We’re witnessing a rise in green alternatives when it comes to the shipping industry and even in the glamorous world of superyachts. It’s only natural that the clean energy wave should also reach vessels that operate in official governmental programs. The National Oceanographic and Atmospheric Administration (NOAA) will soon be working with hybrid research vessels.
Two future NOAA research vessels will feature Siemens' advanced diesel-electric propulsion system 6 photos

The boats will be equipped with the SiSHIP Blue Drive PlusC diesel-electric propulsion system and the BlueVault battery storage solution. The goal is to save fuel and cut CO2 emissions while also reducing engine maintenance costs. This technology is estimated to help save 15,000 gallons (56,780 liters) of fuel per year for each vessel. This will also lead to cutting 5,700 tons of CO2, which Siemens Energy says is the equivalent of planting more than 370,000 trees.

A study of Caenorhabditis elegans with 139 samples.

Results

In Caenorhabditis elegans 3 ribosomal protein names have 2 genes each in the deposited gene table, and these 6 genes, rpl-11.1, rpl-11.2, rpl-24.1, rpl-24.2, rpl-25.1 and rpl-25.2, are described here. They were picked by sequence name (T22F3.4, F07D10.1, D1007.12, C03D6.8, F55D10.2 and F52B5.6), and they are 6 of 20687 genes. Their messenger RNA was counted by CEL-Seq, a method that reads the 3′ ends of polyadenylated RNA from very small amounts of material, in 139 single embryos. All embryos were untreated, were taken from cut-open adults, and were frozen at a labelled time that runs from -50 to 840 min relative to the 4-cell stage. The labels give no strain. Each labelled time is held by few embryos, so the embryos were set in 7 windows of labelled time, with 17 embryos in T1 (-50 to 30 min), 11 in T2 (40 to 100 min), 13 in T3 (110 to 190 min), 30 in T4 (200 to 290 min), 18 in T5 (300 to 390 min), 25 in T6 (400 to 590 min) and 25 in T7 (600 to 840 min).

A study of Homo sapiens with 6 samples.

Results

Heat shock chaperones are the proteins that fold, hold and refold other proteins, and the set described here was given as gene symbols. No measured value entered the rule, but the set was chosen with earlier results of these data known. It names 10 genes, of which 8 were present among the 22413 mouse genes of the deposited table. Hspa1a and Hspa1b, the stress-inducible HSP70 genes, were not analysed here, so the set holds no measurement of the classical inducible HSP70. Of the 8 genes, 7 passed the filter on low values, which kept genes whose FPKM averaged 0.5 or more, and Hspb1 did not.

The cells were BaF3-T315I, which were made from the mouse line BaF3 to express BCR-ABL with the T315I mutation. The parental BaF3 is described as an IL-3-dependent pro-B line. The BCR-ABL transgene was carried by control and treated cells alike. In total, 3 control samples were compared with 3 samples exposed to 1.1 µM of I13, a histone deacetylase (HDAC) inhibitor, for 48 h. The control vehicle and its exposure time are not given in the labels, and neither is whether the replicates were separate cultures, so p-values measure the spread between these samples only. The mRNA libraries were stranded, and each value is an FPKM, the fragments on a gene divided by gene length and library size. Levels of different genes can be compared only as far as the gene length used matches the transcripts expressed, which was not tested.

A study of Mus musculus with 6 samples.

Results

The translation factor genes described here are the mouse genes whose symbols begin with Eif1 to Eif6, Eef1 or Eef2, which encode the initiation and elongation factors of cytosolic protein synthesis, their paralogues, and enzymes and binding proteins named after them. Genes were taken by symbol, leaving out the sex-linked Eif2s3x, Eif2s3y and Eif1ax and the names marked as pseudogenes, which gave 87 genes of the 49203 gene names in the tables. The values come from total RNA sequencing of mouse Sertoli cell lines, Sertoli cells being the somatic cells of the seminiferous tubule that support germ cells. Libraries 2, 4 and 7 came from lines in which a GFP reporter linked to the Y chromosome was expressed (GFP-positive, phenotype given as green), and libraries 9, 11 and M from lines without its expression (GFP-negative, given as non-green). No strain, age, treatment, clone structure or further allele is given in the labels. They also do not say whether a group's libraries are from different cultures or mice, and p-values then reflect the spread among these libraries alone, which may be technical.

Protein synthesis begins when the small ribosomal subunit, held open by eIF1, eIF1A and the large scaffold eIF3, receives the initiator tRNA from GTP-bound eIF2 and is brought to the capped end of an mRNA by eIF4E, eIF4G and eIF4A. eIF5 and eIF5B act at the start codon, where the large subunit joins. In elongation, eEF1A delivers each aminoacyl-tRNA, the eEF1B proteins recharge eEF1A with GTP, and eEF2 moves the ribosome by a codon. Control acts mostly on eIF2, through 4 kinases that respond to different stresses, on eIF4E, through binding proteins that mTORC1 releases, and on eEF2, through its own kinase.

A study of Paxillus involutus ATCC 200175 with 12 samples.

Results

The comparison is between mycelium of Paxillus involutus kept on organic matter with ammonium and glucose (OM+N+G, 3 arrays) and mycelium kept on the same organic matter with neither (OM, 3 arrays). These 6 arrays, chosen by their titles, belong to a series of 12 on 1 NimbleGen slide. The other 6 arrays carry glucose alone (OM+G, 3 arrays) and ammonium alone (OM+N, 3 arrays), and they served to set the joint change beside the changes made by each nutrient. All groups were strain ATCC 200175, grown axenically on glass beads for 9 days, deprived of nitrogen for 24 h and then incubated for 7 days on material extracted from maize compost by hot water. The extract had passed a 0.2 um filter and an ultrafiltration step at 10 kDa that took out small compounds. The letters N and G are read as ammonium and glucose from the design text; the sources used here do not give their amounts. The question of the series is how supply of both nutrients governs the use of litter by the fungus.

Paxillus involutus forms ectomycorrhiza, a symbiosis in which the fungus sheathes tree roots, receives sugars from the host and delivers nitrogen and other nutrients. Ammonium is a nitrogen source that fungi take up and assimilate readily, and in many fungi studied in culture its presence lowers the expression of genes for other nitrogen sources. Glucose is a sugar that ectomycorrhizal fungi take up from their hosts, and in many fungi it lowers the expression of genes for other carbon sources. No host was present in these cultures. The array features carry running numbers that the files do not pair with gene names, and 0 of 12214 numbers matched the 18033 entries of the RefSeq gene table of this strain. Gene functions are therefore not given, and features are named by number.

This hybrid technology has already demonstrated its performance, having been integrated on 80 various ships around the world, including an all-electric car ferry and a cruise passenger ferry, considered to be the world’s largest.

NOAA’s future ships will have enough room for up to 28 scientific researchers, with a crew of 20 people. Both the Oceanographer and Discoverer are considered state-of-the-art research platforms that will carry out ocean survey and data collection tasks, as well as climate studies and missions dedicated to the ocean’s ecosystem.

As we know, the deep oceans still remain mysterious, and the rapidly-advancing technology could help scientists expand their understanding of the ocean while also reducing the carbon footprint as much as possible.